Another surprise: Rust’s std::fs::copy does in-kernel copy when possible, using copy_file_range syscall on Linux.
Huh. If it’s fine to create your own “mediation pipe” to satisfy the API, and then splice(in, pipe); splice(pipe, out) … why doesn’t the kernel support that itself?
splice(in, pipe); splice(pipe, out)
Maybe it’s because errors need to be reported on the pipe instead of on in or out?
Does it work properly with stdin and EOFs sent with ^D?
I didn’t know this was an issue. :-)
tail -f - hitting ctrl+d does not quit the program,
but cat - does.
tail -f -
I assume using splice from Ruby would result in a similar increase in speed.
I wrote a fast cat once out of actual necessity.
I was working with an embedded system where, for installation/testing purposes (details forgotten), we had a service running in a VM that would help bootstrap a system. Part of this setup was a script that would run on the target, read a binary blob from a file descriptor and write it to the device. That reading was done with the target system’s implementation of cat.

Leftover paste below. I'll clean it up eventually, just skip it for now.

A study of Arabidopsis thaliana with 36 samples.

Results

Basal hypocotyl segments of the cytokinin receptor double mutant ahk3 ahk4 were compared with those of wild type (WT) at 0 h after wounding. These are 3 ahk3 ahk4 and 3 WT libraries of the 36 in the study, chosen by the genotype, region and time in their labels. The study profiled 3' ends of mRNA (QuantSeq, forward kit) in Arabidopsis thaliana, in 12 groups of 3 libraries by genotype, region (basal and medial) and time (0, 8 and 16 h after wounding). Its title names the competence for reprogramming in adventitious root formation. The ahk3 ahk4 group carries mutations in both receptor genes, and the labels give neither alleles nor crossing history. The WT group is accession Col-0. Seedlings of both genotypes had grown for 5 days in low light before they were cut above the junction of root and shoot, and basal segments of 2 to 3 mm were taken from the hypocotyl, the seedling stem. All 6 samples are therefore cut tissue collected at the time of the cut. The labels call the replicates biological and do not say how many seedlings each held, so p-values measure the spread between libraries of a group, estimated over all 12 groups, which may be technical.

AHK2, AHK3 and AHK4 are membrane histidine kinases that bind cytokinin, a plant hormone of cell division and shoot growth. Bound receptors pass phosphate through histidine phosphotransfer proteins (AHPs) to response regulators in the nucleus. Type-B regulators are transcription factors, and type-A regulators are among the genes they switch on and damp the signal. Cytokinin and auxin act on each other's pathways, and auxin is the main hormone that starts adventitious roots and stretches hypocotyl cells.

As it happened, the sending of the binary blob to the target turned out to be a significant bottleneck. After I profiled it, it turned out that cat was taking a long time to read and write the bytes. I looked at the source and found it was using fread and fwrite. I changed it to use read/write and the transfer time went down significantly. It was great because I’m fairly certain this was part of our automated build system to create images for the devs and the result was that build times went down a lot.
So sometimes you really do need a faster cat.
Why were fread/fwrite slow? Aren’t they thin veneers over read/write that do a bit of buffering?
For “buffering”, read “copying”.
With read/write, it’s just copying into a buffer (read), and then copying out of that buffer (write).
With fread/fwrite it’s copying into a buffer (read), then copying from that buffer to another buffer (fread), then potentially copying that back (fwrite), before finally copying it back into another buffer (write). That can really add up - even the read/write loop is more than we’d want ideally, hence stuff like splice.
I’d imagine that the reason for GNU cat not using splice is because of portability (POSIX). Remember GNU cat wants to support different OS’es. Splice being a Linux specific feature would break this portability.
Not really. GNU cp takes advantage of Linux-only FICLONE (copy-on-write file cloning) feature when available. GNU cat could do the same.